Telemedicine might date back to the very first phone call ever placed. On March 10, 1876, Alexander Graham Bell voiced his now famous first words, “Mr. Watson, come here, I want you.” Watson would later circulate a rumor that Bell placed that first call for medical assistance after having spilled the phone’s battery acid on himself.
Whether Watson stretched the truth, or not, there is no doubt that telemedicine now plays a central role in the delivery of healthcare in this country. That is why we are announcing today the launch of the “Connected Care Pilot Program.” This new program will aim to reduce health care costs and spending by supporting technologies to connect patients and caregivers over the internet, particularly in rural and low-income communities.
Telemedicine has made great strides. Inside many hospitals and clinics, patients now have access to these cutting-edge and life-saving technologies. If specialized care is not available at a particular facility, patients can often use a broadband connection to visit virtually with a specialist on a screen as though they were meeting in-person.
A significant challenge remains. When patients leave these facilities, their access to high-tech healthcare can drop off entirely. And the results are alarming: Too many patients now go through the costly process of being readmitted within 30 days.
This is where connected care technologies are starting to make a difference. Telemedicine is no longer just about enabling connectivity among traditional brick-and-mortar healthcare facilities. The trend is towards connected care everywhere. Remote patient monitoring and mobile health applications that Americans can access on their smartphones or tablets while at home or work are part of a new and seamless way of delivering cost-effective, direct-to-consumer healthcare.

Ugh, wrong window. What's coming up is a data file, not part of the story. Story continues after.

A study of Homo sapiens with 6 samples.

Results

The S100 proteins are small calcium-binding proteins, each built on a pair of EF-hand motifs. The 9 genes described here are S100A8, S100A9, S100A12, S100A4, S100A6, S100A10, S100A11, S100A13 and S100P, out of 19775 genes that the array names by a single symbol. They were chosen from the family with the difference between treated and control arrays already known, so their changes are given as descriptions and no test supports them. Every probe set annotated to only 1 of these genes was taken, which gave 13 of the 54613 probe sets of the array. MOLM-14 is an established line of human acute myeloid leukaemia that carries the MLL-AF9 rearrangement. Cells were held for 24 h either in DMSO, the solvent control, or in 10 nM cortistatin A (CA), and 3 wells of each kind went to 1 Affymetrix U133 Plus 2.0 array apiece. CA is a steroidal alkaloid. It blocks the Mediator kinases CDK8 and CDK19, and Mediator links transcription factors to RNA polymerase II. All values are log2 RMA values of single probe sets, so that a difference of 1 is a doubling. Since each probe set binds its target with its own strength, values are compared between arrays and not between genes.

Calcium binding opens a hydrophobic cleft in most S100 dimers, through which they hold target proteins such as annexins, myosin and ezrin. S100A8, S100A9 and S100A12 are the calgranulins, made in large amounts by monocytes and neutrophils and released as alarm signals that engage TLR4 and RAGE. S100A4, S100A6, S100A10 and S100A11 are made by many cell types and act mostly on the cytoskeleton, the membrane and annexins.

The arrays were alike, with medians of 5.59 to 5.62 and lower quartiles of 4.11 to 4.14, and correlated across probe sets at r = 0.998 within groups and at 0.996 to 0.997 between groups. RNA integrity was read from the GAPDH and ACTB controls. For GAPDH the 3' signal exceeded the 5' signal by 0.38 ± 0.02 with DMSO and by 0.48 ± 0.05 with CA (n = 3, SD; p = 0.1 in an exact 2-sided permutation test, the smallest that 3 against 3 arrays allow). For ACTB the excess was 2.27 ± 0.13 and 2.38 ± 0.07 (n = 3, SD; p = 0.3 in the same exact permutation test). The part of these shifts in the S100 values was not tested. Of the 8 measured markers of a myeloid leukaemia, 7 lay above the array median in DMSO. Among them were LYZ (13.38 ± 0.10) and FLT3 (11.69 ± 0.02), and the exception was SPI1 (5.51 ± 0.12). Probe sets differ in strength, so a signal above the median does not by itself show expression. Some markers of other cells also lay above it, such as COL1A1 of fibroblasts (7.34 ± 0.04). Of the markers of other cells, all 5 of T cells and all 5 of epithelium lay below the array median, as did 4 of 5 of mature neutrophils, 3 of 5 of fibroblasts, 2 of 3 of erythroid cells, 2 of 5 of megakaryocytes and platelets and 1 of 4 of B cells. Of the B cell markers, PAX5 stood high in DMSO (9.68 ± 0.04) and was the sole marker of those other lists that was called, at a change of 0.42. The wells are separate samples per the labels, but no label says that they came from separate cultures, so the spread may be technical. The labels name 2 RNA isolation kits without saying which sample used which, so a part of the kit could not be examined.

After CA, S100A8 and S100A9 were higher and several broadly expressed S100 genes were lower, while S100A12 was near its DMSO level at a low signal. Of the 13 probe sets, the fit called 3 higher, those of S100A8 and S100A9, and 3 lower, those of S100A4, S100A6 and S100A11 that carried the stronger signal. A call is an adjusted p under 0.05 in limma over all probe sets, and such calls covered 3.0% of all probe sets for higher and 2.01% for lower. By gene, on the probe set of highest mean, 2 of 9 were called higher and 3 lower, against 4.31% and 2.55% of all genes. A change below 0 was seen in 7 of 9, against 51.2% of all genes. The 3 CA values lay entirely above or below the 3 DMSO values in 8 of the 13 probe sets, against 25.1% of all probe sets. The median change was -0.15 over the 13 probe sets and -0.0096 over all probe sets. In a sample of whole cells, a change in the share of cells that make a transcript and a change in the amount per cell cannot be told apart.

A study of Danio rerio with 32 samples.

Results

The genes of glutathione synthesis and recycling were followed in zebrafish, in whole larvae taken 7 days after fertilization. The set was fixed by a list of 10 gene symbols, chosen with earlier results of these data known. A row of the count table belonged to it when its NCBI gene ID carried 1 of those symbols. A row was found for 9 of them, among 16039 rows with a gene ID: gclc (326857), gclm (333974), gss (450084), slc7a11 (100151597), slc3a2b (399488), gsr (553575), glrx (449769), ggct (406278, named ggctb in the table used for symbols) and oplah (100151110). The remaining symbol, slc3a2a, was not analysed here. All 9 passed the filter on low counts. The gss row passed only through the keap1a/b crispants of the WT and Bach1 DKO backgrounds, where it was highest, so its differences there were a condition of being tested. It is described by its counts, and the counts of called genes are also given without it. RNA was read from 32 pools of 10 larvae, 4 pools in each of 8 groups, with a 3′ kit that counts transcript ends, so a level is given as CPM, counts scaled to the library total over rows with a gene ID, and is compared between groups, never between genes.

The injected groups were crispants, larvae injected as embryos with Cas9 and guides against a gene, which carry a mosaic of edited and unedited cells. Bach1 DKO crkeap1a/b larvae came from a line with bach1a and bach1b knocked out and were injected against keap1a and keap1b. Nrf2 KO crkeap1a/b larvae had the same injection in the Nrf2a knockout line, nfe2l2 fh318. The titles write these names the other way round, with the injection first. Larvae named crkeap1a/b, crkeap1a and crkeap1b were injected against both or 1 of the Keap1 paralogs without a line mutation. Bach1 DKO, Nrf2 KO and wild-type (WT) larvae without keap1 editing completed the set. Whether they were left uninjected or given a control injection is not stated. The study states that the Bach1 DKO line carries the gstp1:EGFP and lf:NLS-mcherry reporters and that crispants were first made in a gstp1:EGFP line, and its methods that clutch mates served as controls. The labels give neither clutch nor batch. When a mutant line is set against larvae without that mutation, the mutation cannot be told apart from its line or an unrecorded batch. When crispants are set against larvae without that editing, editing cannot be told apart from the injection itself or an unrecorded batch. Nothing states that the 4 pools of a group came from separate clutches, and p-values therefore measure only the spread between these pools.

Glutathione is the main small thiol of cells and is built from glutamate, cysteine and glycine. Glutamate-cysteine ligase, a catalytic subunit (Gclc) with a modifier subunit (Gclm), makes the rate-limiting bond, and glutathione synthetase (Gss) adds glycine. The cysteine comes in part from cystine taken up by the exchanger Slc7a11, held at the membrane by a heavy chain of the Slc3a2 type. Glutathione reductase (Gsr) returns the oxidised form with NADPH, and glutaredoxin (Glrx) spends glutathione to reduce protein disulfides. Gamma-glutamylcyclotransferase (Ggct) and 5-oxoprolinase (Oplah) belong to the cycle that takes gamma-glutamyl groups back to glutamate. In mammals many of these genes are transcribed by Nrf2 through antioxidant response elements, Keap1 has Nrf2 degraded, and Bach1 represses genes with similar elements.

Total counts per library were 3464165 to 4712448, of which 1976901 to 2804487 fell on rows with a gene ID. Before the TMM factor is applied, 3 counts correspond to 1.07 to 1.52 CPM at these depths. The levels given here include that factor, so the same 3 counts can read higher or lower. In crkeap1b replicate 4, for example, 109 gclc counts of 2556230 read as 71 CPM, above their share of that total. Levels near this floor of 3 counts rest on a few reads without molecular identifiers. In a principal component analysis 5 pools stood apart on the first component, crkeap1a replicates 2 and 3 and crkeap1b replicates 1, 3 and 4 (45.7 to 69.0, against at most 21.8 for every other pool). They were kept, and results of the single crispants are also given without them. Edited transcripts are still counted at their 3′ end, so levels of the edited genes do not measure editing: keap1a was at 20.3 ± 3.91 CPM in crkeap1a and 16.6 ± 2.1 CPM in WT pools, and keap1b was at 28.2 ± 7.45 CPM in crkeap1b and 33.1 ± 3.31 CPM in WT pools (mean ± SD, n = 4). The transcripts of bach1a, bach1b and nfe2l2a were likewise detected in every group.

Mississippi has been leading the way. The University of Mississippi Medical Center, a national leader in telehealth, partnered with regional high-speed wireless provider C Spire, to launch a pilot program in 2014 that brought remote patient monitoring to those living with Type II diabetes and other chronic conditions in the Mississippi Delta.
Even accounting for program costs, the 100-person Mississippi pilot resulted in $678,000 in annual savings by reducing hospital readmissions. If just 20 percent of the state’s diabetic population were to enroll in this type of remote patient monitoring, Medicaid savings for Mississippi could be $189 million per year.
Nationwide, over 60 clinical specialties are benefiting from remote patient monitoring, including maternal and fetal care for high-risk pregnancies, pediatric cardiology, opioid dependency, as well as cancer, transplant, and stroke patients.
To improve outcomes, drive down costs, and increase access to healthcare, policymakers at every level of government should support this trend towards connected care everywhere. We look forward to launching the Connected Care Pilot Program and seeing positive results for patients across the country.